Wednesday, September 17, 2008

Slow Food Picnic Slows Renovation

Scenes from the Slow Food Picnic

Our home renovations were on hold again this weekend as we braved dire forecasts about the tail end of Ike and headed to Toronto to meet some good friends for the second annual Slow Food Picnic at the Brickworks. The event pairs some of Ontario’s best chefs with farmers and food producers as well as wine makers and brewers. Working side by side with the food producers, the chefs find creative ways to show off the sustainable bounty of the land. For those who attend, the event is four hours of non-stop feasting. When we arrived we received wrist bands and wine glasses—ours to keep. Thus armed we had access to over 60 different food and wine stalls, each helmed by the producer of the chief ingredients and a chef or winemaker. We wandered around the open air pavilion beguiled by new tastes, smells, and sights at every turn. We sampled spit-roasted goat, hand-forked waygu burgers, fresh-shuck’d oysters (granted not local, but still Canadian, definitely sustainable, and served in their own biodegradable bowls), cheeses, sorbets, charcuterie, and all types of late summer herbs, fruits, and vegetables--heirloom tomatoes being in particular evidence.

The great information exchange

The picnic is a billed as an eco-gastronomic event, which means that everything, aside from the reusable wine glasses, is biodegradable and compostable, so the serving methods are creative: one enterprising chef served sausage hors d’oeuvres on oyster shell lids, which worked very well, but the trick of slurping black currant sorbet and poached pear from a grape leaf required more practice. We had a blast. We left feeling completely satiated, in love with all of the small local producers and conscientious chefs (whose passion for small-scale, hands-on farming is the only thing standing in the way of factory farms), slightly better informed, and virtuous: the event is a fundraiser after all. Philanthropy via informed gluttony.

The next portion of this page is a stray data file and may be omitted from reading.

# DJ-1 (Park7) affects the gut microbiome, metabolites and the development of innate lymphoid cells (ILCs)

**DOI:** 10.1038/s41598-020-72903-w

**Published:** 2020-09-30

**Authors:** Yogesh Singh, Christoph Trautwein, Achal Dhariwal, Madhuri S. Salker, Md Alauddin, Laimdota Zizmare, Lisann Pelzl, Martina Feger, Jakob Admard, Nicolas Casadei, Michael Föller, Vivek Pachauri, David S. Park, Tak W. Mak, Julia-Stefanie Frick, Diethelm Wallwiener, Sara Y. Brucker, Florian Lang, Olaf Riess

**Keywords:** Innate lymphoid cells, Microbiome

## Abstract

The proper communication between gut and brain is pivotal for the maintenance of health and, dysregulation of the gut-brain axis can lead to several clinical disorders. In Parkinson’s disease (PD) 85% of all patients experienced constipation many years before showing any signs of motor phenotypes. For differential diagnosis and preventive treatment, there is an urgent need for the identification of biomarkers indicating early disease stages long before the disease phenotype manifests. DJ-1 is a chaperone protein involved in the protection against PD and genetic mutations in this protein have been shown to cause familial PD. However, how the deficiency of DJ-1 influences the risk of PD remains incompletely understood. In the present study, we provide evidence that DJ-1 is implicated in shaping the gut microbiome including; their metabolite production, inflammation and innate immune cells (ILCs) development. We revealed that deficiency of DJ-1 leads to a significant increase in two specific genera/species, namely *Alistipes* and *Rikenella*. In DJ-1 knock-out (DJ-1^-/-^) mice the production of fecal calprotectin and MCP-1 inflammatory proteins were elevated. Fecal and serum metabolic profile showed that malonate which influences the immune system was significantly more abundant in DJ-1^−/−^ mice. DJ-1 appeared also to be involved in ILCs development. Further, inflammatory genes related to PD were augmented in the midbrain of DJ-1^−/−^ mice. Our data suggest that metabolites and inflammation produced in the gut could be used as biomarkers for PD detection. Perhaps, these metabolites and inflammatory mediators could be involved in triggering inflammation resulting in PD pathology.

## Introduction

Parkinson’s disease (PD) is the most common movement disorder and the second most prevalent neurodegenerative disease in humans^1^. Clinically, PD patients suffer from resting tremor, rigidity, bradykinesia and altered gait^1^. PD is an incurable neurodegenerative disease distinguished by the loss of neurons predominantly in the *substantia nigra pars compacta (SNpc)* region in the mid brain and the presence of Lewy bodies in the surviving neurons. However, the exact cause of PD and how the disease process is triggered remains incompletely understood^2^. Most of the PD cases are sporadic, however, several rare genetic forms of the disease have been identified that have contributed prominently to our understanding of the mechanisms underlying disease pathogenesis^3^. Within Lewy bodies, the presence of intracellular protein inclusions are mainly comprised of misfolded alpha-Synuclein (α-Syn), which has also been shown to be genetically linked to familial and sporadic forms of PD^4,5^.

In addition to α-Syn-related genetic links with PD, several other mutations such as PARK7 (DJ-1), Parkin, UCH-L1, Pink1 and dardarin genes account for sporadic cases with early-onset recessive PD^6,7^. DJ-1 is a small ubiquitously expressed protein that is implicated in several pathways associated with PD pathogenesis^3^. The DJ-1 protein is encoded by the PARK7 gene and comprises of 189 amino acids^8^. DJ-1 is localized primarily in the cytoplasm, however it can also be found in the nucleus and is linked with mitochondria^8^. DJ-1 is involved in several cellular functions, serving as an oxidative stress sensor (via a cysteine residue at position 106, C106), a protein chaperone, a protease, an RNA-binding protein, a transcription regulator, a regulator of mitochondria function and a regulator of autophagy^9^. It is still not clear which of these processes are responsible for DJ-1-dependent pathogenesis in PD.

Vicki from Vicki’s Veggies teams up with Toronto star chef Jamie Kennedy

Vicki, standing still, and with flowers in her hair!

We were delighted to see Vicki at the Picnic, and especially gratified that she had teamed up with luminary Toronto chef Jamie Kennedy. Just over a week ago we had stopped at Vicki’s farm in Prince Edward county.

Vicki's road-side, self-serve stand of earthly bounty

We had actually planned our route home from Nova Scotia in part so we could stock up on Vicki’s heirloom tomatoes and wonderful produce on the very last day of our trip. Vicki’s farm is almost 3 hours away from our home, but we have visited her twice in two years, both times on the last day of a vacation, just to partake of the fantastic offerings from her farm (and the handmade soaps of a friend of hers, also from the county).

Garlic, and tomatoes and eggplants of every description (from Vicki's 2007 harvest)

Last year Vicki took us back into her fields to show off her amazing varieties of eggplant. This year the season wasn’t so good for eggplants, but Vicki hiked us back into her tomato field to pick us a basket of stuffing tomatoes. If you’ve never seen one, a stuffing tomato is a revelation. All the seeds are compactly located right up near the stem and the rest of the tomato is hollow, like a pepper, and perfect for stuffing.

One of Vicki's chickens crosses the road.

Prince Edward County, on a little peninsula of land jutting into Lake Ontario, two hours east of Toronto, is Ontario’s newest wine region. Although the vineyards are young--only a decade old--and the process onerous: vines must be mulched over winter and dug out in the spring, the early results are very promising, particularly for chardonnays and pinot noirs (great for us since our earliest lessons in wine tasting were in Burgundy and these varietals have remained our favourites). The region is doing well and boasts several flourishing small towns, passionate local producers like Vicki, many excellent small inns, wineries like Norman Hardie’s, who was also at the picnic, and some fantastic restaurants, notably Harvest in Picton, which we’ve been fortunate to dine at twice, and which also had a booth at the Slow Food Picnic. For a Toronto food event, Prince Edward County was very well represented.

We’re looking forward to the third annual slow food picnic next year.

2 comments:

Wanderluster said...

Darn, wish I had known about Vicky and her produce earlier. We were just in Prince Edward County a few months ago for our first visit. Its such a lovely area with an abundance of good food.

S and N said...

Yes it it! I hope you get a chance to visit Vicki's farm the next time you go. Today on cbc radio's noon show, Konrad Ejbich was giving high praise to a wine of the region: Norman Hardie's 2007 Pinot Noir.